AP Photo/Jose Luis Magana
A supporter of Democratic US Senate candidate Martha Coakley has acknowledged that he acted too aggressively in an incident Tuesday night in which he jostled a reporter for a conservative magazine who was pursuing Coakley for a comment and the reporter fell to the ground.
"Last evening I was a little too aggressive in trying to help the attorney general get to her car and catch a flight," Michael Meehan, a veteran Democratic political operative with Massachusetts ties, said in a statement. He said he had called the reporter, John McCormack of the Weekly Standard, this afternoon to apologize.
McCormack, who reported on the incident Tuesday in a blog item titled, "We Report, We Get Pushed," said he was following Coakley as she left a fund-raiser with his audio recorder in hand, when "a man came up on my right side and made contact with me and I was pushed into a railing. I hit the railing and I hit the ground."
McCormack said Meehan helped him up and asked him if he was all right, but Meehan was "clearly feigning concern" and continued for a few more seconds to block his path to the candidate. The reporter said he tore his pants leg and got a bruise on his leg in the incident, which was caught on a murky video posted on the magazine's website.
McCormack said he eventually caught up with Coakley and tried to ask her a question but was cut off with a "We're done, thanks" from the candidate.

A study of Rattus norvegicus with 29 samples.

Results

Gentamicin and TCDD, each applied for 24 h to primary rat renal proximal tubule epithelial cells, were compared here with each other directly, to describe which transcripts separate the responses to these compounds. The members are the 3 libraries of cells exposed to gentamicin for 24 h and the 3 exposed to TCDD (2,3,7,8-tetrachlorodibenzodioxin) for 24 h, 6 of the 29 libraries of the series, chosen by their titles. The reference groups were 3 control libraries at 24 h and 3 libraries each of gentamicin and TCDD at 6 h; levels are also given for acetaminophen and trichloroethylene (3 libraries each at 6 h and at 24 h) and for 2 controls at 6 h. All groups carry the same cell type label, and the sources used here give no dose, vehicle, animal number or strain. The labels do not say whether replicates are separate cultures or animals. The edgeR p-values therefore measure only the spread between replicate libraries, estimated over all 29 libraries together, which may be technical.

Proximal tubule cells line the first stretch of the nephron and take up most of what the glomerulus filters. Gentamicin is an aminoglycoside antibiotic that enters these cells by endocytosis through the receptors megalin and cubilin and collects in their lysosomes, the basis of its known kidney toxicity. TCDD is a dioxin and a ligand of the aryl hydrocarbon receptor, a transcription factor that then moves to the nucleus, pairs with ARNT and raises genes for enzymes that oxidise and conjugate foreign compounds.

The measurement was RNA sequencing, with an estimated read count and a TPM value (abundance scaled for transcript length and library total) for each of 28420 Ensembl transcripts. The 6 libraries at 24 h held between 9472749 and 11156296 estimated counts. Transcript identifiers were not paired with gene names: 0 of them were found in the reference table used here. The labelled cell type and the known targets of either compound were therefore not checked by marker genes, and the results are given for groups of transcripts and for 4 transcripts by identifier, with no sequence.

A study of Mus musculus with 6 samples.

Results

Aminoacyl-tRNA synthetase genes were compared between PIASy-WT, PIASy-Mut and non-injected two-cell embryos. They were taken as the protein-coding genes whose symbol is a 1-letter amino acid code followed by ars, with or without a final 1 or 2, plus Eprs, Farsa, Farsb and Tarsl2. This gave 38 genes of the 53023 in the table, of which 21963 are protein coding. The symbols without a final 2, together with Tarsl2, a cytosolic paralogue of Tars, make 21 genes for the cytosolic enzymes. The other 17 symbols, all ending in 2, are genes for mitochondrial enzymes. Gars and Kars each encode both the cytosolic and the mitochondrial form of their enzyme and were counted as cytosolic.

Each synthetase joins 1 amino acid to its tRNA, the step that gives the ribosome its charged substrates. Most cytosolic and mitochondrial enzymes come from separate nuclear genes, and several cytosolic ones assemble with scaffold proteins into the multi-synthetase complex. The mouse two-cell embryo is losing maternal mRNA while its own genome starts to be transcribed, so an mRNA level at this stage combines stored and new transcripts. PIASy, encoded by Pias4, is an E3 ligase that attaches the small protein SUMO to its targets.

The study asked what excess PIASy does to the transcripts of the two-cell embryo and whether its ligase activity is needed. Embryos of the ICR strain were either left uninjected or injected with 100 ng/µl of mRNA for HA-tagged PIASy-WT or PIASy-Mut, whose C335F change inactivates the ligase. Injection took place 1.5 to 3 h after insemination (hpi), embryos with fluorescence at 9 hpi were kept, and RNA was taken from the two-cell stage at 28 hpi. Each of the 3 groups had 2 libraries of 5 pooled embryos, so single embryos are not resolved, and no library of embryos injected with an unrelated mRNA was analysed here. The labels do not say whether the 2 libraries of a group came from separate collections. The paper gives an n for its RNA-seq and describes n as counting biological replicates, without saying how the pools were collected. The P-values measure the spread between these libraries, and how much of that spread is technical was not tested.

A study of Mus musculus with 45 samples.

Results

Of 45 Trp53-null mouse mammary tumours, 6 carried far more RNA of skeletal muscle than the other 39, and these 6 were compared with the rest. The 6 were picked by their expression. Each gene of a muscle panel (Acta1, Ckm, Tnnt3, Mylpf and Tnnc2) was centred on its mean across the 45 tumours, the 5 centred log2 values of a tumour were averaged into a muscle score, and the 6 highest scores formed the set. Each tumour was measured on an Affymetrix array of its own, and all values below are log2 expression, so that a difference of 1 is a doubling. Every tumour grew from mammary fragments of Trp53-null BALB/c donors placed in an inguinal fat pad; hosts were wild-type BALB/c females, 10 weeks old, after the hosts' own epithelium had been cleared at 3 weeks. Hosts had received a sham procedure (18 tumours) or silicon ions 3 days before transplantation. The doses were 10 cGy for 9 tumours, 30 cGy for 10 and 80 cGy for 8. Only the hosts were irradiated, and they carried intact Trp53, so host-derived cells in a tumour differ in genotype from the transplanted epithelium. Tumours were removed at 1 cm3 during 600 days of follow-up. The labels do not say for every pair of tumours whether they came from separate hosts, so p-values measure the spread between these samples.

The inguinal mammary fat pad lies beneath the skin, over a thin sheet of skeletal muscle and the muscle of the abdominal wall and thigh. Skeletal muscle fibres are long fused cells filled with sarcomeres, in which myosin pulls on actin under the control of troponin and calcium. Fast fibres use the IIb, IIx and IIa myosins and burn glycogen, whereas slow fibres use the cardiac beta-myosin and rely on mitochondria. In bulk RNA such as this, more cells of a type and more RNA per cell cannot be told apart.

"I clearly did not intend to cause John McCormack to trip and fall over that low fence," Meehan said. "As the video shows and he confirms in his blog, I stopped to help him up and make sure he was OK."
The video appears to show Meehan pushing McCormack to the side as the two walk behind Coakley. McCormack gets in front of Meehan, then falls, and there's a clanging of metal, apparently from the fence. But because of the camera angle, it's not clear exactly why McCormack fell.
The Associated Press reported earlier this week that Meehan had been dispatched by the Democratic Senatorial Campaign Committee to help the Coakley campaign hone its message. But DSCC spokesman Eric Schultz said Meehan was acting as a volunteer at the fundraiser.
Coakley, the state's attorney general, is being challenged by Republican state Senator Scott Brown in the race to fill the seat left vacant by the death of Edward M. Kennedy, who held the seat for 47 years. The race, whose outcome could affect the balance of votes on the health care reform bill in Washington, has drawn increasing national attention.
Independent Joseph L. Kennedy, who is no relation to the legendary political family, is also running in the election, which is slated for Tuesday.
Note: The video, which is below, was titled by the conservative magazine. McCormack said he obtained it from a young man and woman who refused to be identified.